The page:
ICO: Marketers needs to ‘get real’ on data laws

The marketing industry needs to accept major changes to data protection laws are inevitable because of legitimate consumer concerns over the use of personal data, the Information Commissioner has warned.

Data protection

Speaking at a conference on data protection in London today (8 February), Christopher Graham said the industry needs to take concerns about the capture of data online for use in marketing campaigns “more seriously”. Failure to do so, he added, increases the likelihood “over prescriptive” laws will be introduced by regulators.

Referring to the European Commission’s proposed rules on data protection – which includes measures on consent and profiling industry body the Direct Market Association has warned threaten the future of the channel – Graham said lobbying efforts need to be “calmer, better informed and more rational if minds are to be changed”.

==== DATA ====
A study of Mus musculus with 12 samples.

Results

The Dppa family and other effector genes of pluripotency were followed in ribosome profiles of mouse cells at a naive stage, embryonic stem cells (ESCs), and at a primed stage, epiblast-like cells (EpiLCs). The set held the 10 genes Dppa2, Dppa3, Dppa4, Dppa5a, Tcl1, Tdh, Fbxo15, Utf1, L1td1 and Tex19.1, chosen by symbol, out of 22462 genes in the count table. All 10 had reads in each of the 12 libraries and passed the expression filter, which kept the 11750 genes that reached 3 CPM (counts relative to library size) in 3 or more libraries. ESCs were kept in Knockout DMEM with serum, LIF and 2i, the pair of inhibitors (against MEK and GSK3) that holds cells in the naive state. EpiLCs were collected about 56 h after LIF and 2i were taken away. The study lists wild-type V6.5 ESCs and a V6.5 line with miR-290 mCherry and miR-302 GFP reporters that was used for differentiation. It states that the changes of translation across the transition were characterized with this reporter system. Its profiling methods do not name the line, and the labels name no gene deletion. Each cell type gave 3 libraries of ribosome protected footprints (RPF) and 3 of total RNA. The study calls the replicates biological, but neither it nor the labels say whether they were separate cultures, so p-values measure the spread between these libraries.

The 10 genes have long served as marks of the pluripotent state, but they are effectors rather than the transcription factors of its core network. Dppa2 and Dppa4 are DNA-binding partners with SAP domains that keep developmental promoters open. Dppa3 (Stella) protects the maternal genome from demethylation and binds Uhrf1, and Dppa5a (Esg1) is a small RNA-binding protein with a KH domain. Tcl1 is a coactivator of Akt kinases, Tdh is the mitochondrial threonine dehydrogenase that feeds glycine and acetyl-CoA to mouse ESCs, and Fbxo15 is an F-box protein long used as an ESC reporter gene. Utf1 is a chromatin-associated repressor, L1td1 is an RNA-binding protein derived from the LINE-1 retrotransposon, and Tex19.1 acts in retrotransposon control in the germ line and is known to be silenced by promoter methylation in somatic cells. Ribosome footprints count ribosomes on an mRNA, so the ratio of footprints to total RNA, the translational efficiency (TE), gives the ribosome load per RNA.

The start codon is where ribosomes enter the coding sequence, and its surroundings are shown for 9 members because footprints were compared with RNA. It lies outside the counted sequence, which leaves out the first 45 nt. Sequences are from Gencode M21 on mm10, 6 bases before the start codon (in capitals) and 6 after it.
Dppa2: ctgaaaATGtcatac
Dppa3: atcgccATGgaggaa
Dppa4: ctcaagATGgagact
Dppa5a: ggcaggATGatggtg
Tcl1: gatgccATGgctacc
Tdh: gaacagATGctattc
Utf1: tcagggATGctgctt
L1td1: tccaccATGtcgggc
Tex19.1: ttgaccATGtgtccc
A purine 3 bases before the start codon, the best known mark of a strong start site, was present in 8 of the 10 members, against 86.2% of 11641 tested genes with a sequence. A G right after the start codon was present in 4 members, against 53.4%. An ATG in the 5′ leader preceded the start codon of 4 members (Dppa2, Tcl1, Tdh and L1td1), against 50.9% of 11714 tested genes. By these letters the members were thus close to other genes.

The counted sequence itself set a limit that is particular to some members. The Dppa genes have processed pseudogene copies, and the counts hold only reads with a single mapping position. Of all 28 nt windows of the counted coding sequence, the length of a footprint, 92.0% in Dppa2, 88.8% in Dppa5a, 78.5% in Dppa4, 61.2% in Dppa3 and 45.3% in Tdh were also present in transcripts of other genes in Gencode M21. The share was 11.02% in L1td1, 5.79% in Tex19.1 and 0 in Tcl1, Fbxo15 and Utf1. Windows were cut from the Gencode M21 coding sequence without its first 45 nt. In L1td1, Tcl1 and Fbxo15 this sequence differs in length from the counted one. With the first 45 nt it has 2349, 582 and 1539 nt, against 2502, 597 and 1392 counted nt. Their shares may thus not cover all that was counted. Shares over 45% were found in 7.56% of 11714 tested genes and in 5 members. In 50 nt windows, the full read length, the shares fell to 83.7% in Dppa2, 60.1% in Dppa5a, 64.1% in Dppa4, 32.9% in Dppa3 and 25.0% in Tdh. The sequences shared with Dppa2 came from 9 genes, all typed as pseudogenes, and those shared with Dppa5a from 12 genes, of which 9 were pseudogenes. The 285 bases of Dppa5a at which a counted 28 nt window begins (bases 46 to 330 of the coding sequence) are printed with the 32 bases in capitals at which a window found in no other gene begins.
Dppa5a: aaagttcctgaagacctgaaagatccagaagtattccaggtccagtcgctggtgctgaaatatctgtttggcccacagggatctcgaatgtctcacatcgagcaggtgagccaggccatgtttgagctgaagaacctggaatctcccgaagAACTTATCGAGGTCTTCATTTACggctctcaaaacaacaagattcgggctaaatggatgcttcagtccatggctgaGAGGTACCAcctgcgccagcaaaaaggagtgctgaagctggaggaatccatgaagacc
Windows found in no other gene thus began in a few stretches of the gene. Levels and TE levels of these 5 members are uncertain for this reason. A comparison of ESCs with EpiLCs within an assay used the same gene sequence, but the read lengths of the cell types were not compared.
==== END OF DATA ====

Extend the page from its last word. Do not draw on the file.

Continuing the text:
“Compliance and not defiance is required…..Consumers will be pre-disposed to those brands that treat them as grown ups and don’t like those that they see as being tricky. Brands that offer compliance will prosper those seen as tricky will not”.

The Direct Marketing Association, which hosted the event, has launched an “online data protection toolkit” for brands and agencies explaining how they lobby MPs and the impact the regulation will have on the DM industry.

The Association is leading advertising industry efforts to force changes to the regulation before it is voted on by European Parliament members this summer. It will then pass between the Council of Ministers and the European Commission but any change to member state law is unlikely until 2014.

The ICO and Ministry of Justice accept changes to data protection laws are necessary to reflect the emergence of the internet but both believe a better balance between the rights of consumers and the interests of business needs to be struck.



Catching up with the customer

Michael Barnett

As customers’ purchase journeys become increasingly complex, the challenge for brands is to plot their routes across a mix of online and offline channels, and a growing range of devices.